Find out why and how you have chemotherapy for nasal and paranasal sinus cancer.
What is chemotherapy?
Chemotherapy uses anti cancer (cytotoxic) drugs to destroy cancer cells. The drugs circulate throughout the body in the bloodstream.
Chemotherapy and radiotherapy (chemoradiotherapy)
You might have chemotherapy at the same time as radiotherapy for some types of nasal and paranasal sinus cancers. This is also called chemoradiotherapy.
Your doctor might suggest chemoradiotherapy if you are not fit enough to have surgery. Or you might have it because your cancer has spread to other parts of your body. You might also have it after surgery to reduce the risk of the cancer coming back.
Chemoradiotherapy can be quite a tough treatment to get through. You will have some tests to make sure you are fit enough for it. If not, you might still be able to have radiotherapy on its own.
Chemotherapy to shrink a large cancer
Your doctor might suggest chemotherapy before surgery. This will be if your cancer hasn't spread to other organs, but is too big to be operated on.
It is not a commonly used treatment and is called neo adjuvant chemotherapy.
The aim is to shrink your cancer with chemotherapy before your surgery. This makes it easier to remove or means that you can have a smaller operation.
You might have this treatment to avoid needing to remove nearby organs, such as the eye. This type of treatment is still being tested in clinical trials.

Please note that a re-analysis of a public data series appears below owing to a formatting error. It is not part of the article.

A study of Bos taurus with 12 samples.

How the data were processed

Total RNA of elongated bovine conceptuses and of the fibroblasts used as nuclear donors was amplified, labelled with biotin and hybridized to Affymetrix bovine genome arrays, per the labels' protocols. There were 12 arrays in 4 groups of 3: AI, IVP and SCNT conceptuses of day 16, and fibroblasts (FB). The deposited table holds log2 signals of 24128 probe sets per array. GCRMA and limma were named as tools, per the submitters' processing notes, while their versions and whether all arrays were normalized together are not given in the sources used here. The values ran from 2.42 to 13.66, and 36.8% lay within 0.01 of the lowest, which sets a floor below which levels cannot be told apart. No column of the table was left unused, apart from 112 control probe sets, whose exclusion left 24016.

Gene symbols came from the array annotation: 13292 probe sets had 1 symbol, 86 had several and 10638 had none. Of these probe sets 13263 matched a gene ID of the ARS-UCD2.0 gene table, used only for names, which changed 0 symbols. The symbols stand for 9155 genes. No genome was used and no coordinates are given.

Chemotherapy to control a cancer that has come back
You might have chemotherapy on its own if your cancer is advanced. Or you might have it if your cancer has come back after treatment with surgery or radiotherapy.
This can help to relieve your symptoms and may slow the growth of your cancer.
Dietary or herbal supplements and chemotherapy
We don't yet know much scientifically about how some nutritional or herbal supplements might interact with chemotherapy. Some could be harmful.
It is very important to let your doctors know if you take any supplements. You need to tell them if an alternative or complementary therapy practitioner prescribes them for you.
Talk to your specialist about any other tablets or medicines you take while you are having your cancer treatment.
Some studies seem to suggest that fish oil preparations might reduce the effectiveness of chemotherapy drugs. If you are taking, or thinking of taking, these supplements talk to your doctor to find out whether they could affect your treatment.